Congress is broken, and everyone knows it. Its approval ratings hover around 10 percent, and a recent poll from Public Policy Polling found that Congress is currently less popular than cockroaches, lice and traffic jams. It has difficulty getting any sort of business done, let alone address our nation’s major challenges, like climate change, immigration, poverty and fiscal policy. But amidst the partisan fingerpointing and bickering, one core aspect of the way our government works gets a free pass. We hear a lot about campaign finance and gerrymandering, but single-member district elections – that is, having each House member represent one congressional district – are without doubt the single greatest cause of what is broken about Congress. They are the key reason why Republicans easily kept control of the House despite losing the popular vote to Democrats, and why the political center has lost out to partisans on both sides of the aisle. They turn four out of five voters effectively into spectators who have absolutely no chance of affecting their representation in Congress. They help keep women’s representation in the House stalled at less than 18 percent, and grossly distort fair representation by party and race.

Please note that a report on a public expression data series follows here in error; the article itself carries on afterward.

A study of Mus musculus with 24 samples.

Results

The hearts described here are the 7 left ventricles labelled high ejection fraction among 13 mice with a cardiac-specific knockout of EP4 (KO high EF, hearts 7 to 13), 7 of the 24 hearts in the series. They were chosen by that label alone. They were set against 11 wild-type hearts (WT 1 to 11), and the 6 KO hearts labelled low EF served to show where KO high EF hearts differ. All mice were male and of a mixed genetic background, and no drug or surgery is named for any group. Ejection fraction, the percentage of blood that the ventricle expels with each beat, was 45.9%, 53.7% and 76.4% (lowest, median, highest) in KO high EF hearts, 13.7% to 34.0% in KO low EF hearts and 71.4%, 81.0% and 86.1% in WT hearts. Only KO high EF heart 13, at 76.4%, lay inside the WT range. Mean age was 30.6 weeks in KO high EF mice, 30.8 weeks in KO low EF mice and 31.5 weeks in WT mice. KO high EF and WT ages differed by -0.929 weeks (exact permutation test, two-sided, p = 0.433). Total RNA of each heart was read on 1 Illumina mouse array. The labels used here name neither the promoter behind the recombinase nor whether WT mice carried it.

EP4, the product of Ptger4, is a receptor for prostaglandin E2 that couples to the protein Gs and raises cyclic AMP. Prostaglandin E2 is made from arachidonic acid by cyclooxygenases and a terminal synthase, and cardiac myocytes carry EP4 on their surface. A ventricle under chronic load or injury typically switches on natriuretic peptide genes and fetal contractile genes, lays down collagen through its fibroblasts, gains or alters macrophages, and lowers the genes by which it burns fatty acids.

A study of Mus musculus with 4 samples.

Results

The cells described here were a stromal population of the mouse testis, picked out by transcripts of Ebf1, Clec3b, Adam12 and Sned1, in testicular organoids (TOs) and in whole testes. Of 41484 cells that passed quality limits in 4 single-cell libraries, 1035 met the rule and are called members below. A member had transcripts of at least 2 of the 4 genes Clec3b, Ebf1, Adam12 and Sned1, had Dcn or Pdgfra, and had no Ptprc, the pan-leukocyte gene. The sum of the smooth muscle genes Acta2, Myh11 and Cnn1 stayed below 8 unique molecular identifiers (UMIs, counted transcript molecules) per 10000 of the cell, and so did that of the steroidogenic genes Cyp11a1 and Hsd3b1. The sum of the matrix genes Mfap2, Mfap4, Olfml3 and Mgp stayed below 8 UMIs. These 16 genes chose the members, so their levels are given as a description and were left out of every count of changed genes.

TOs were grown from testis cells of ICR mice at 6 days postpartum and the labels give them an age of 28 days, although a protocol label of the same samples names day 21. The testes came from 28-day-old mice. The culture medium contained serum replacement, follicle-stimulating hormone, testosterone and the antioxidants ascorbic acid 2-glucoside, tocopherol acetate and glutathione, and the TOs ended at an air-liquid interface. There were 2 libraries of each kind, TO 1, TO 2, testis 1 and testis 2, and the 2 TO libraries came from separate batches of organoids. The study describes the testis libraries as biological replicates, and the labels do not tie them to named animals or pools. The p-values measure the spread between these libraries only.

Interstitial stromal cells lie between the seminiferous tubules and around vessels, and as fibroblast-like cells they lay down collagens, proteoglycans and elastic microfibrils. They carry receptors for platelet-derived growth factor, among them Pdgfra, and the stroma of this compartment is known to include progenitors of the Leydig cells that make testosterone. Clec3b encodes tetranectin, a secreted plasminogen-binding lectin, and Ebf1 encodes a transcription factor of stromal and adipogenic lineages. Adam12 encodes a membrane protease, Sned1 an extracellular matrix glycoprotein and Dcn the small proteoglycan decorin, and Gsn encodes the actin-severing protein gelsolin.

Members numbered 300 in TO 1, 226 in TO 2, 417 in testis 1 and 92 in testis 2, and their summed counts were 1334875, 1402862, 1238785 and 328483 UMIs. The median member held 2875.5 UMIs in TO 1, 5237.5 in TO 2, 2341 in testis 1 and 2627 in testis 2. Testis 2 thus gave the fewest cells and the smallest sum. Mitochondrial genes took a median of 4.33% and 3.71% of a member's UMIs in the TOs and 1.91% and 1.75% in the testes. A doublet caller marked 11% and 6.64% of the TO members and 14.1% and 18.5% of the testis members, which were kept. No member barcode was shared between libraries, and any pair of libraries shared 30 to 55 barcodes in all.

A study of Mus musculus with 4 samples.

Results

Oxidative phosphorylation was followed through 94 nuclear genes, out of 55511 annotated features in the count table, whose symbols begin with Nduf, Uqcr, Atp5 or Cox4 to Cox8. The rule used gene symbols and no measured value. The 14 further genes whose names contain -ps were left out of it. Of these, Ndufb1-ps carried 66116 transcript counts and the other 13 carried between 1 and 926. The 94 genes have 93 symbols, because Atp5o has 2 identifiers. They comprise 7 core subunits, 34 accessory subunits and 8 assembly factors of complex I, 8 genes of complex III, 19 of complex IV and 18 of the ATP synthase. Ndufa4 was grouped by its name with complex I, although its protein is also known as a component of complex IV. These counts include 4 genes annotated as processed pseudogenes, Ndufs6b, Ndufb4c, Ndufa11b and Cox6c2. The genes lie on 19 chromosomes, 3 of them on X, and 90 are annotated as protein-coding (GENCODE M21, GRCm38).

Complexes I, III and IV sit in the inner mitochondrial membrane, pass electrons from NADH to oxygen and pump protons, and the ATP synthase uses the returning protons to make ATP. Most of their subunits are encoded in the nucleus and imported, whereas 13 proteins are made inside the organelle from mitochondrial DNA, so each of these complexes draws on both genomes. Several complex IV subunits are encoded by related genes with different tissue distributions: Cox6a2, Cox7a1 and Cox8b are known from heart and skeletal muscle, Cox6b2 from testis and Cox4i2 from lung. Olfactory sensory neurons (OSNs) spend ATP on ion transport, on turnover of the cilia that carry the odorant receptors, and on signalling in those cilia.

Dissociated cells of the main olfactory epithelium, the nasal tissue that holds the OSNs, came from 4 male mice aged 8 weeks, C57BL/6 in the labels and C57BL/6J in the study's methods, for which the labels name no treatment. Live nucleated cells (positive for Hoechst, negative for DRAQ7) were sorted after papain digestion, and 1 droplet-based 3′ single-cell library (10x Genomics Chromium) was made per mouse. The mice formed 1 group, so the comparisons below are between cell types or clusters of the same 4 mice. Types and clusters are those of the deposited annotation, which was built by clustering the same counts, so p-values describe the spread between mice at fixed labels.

We want to make four arguments. First, House elections today have a fundamental partisan skew against both Democratic and moderate candidates. Second, that partisan skew creates perverse incentives for how Republicans approach policymaking and helps explain the Republican Party’s poor performance in the presidential elections since the 1980s. Third, while partisan gerrymandering is abhorrent, the real problem is one of districting, not redistricting. Establishing independent redistricting commissions is not enough. Fourth, it’s easier to fix these problems than much of what ails our politics, as voting alternatives to winner-take-all elections offer a straightforward statutory approach grounded in our own electoral traditions.
Times change, and with those changes should come willingness to ask whether the fundamentals of our democracy still work. Our nation’s history has been one of regular evolution of our democratic practices, but our minds have become increasingly closed to change.
It’s time for a new way of looking at U.S. House elections.